European Commission President Jean-Claude Juncker made a last-minute offer to Athens in a bid to reach a bailout agreement ahead of its €1.5 billion ($US1.7 billion) debt payment today (June 30).
But while the number of pathways Greece can take following the the referendum is complicated and unclear, Deutsche Bank’s chief economist Mark Wall highlighted in a research note this morning that a Grexit wouldn’t be as terrible and terrifying and people may assume.
The note said (emphasis ours):
Macroeconomic fundamentals suggest less of a basis for contagion compared to the crisis in 2010-2012. Private sector direct exposure to Greece is much smaller. The euro-area in general, and the other peripherals, are in a stronger position. The economy is in a recovery phase, albeit modest, and the current accounts of peripheral countries are in positive territory. Unlike in Greece and unlike 2012, private capital in the other peripherals has been stable so far this year. There has been some progress on the structural reform side too.
Euro-area crisis management tools are much stronger than in the past. The ECB will not tolerate a tightening of financial conditions and has proven its ability to intervene in government bond markets with QE. The ESM is fully operational. Ireland and Portugal’s “clean exits” from their bailout programme demonstrates Europe’s capacity for success.
Breaking it down, Deutsche Bank does seem make a good point over how Greece leaving the eurozone, if it came down to it, wouldn’t be as horrific as it would have been over five years ago.
Here are some of the highlights:
Bank exposure is smaller: Deutsche Bank points out that the global banking system has reduced its Greece exposure from a massive $US300 billion (£191 billion) in 2008, to $US54 billion (£34.3 billion) as of mid 2014.
International investment accounts for a lot less: Private sector exposure has steadily been replaced by public sector funds since 2006. Deutsche Bank highlights the composition of the broadly unchanged €400 billion external debt of Greece.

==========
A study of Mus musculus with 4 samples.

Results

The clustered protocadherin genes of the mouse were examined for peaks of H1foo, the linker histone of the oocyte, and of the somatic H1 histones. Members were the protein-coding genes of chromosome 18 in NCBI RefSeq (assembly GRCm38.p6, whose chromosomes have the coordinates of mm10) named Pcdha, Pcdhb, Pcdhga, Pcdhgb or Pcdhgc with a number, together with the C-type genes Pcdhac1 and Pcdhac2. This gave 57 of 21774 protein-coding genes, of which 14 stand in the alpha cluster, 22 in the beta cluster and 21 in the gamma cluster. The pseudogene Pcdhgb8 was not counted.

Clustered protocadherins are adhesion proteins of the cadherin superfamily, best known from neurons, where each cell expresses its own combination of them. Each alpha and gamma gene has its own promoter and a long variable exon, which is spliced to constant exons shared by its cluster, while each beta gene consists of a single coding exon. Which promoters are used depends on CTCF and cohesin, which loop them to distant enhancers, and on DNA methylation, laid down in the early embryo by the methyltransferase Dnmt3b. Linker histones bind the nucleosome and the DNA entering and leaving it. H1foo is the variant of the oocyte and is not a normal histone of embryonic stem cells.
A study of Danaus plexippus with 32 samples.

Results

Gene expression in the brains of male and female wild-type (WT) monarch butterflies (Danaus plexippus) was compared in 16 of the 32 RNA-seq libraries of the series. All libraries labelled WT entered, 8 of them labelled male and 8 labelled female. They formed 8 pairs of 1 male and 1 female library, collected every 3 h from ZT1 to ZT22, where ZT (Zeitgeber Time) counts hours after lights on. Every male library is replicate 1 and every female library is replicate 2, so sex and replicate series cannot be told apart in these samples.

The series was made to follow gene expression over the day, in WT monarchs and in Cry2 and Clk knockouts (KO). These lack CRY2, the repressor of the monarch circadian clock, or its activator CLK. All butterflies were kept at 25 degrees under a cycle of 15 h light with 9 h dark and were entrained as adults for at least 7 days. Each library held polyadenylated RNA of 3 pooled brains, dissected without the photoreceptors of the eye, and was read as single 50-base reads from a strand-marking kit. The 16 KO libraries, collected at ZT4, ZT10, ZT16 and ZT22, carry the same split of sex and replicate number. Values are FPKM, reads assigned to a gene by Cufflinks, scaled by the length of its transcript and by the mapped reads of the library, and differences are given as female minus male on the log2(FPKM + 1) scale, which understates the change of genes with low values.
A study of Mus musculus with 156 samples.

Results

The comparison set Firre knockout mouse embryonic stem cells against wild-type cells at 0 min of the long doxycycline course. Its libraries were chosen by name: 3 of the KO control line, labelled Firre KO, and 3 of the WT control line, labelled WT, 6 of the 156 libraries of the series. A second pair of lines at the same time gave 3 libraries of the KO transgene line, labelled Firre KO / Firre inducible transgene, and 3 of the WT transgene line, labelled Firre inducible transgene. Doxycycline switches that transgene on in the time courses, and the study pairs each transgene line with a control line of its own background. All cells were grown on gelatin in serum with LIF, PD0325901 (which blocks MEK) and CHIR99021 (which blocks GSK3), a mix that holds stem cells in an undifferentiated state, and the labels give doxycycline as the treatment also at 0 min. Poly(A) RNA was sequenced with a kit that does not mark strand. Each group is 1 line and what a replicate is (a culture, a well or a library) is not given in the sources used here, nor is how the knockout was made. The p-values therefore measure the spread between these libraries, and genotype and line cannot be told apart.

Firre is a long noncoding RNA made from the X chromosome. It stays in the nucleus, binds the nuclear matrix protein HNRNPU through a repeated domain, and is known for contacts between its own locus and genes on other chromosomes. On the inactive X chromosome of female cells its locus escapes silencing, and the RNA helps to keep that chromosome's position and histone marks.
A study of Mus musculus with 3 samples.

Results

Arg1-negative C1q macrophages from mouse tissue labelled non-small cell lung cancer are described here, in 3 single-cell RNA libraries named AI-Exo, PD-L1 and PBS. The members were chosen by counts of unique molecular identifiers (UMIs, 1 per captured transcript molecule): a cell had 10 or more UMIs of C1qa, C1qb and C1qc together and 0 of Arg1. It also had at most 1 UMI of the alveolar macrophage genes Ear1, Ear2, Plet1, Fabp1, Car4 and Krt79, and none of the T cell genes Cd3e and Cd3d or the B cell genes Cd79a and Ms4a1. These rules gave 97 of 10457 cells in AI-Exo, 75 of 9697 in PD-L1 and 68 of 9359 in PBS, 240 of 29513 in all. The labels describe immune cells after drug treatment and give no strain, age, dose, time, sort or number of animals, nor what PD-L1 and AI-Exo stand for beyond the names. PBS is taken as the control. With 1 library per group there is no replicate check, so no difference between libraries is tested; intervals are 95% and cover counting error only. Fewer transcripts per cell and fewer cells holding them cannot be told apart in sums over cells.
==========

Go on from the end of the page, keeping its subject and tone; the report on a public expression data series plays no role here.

“Another way of looking at this, the net international investment position of Greece is a net liability of around 120% of GDP. When official sector support (Target2, official sector loans, etc) is excluded, it falls to less than 20% of GDP,” said the analysts.
Direct trade links in the eurozone are limited: the analysts emphasise that the links between other euro-area countries and Greece are modest in size as exports (excluding Cyprus) to Greece represent less than 0.5% of euro area countries’ exports.
On top of that, Deutsche Bank highlights how even if politicians are worried that the popular anti-austerity party Syriza in Greece may spark a wave of similar support across the eurozone – it’s unlikely to turn into anything tangible:
The one element that has deteriorated is politics. Grexit would be a political mistake — so what is the likelihood of another political mistake? Which countries are most likely to have governments led by populist
Grexit will introduce redenomination risk over the medium term. Could euro-area members become more integrated to overcome this risk? Support for populist parties — buoyed by high unemployment, reform fatigue and a slow recovery — has increased throughout Europe. Within the next year there will be elections in Portugal, Spain and Ireland. The chance of seeing a parallel to the Syriza government emerge elsewhere is relatively low, in our view. Italy may have the highest proportion of euroskeptic parties but focus will likely be on Spain and the risk of Podemos being part of a government coalition.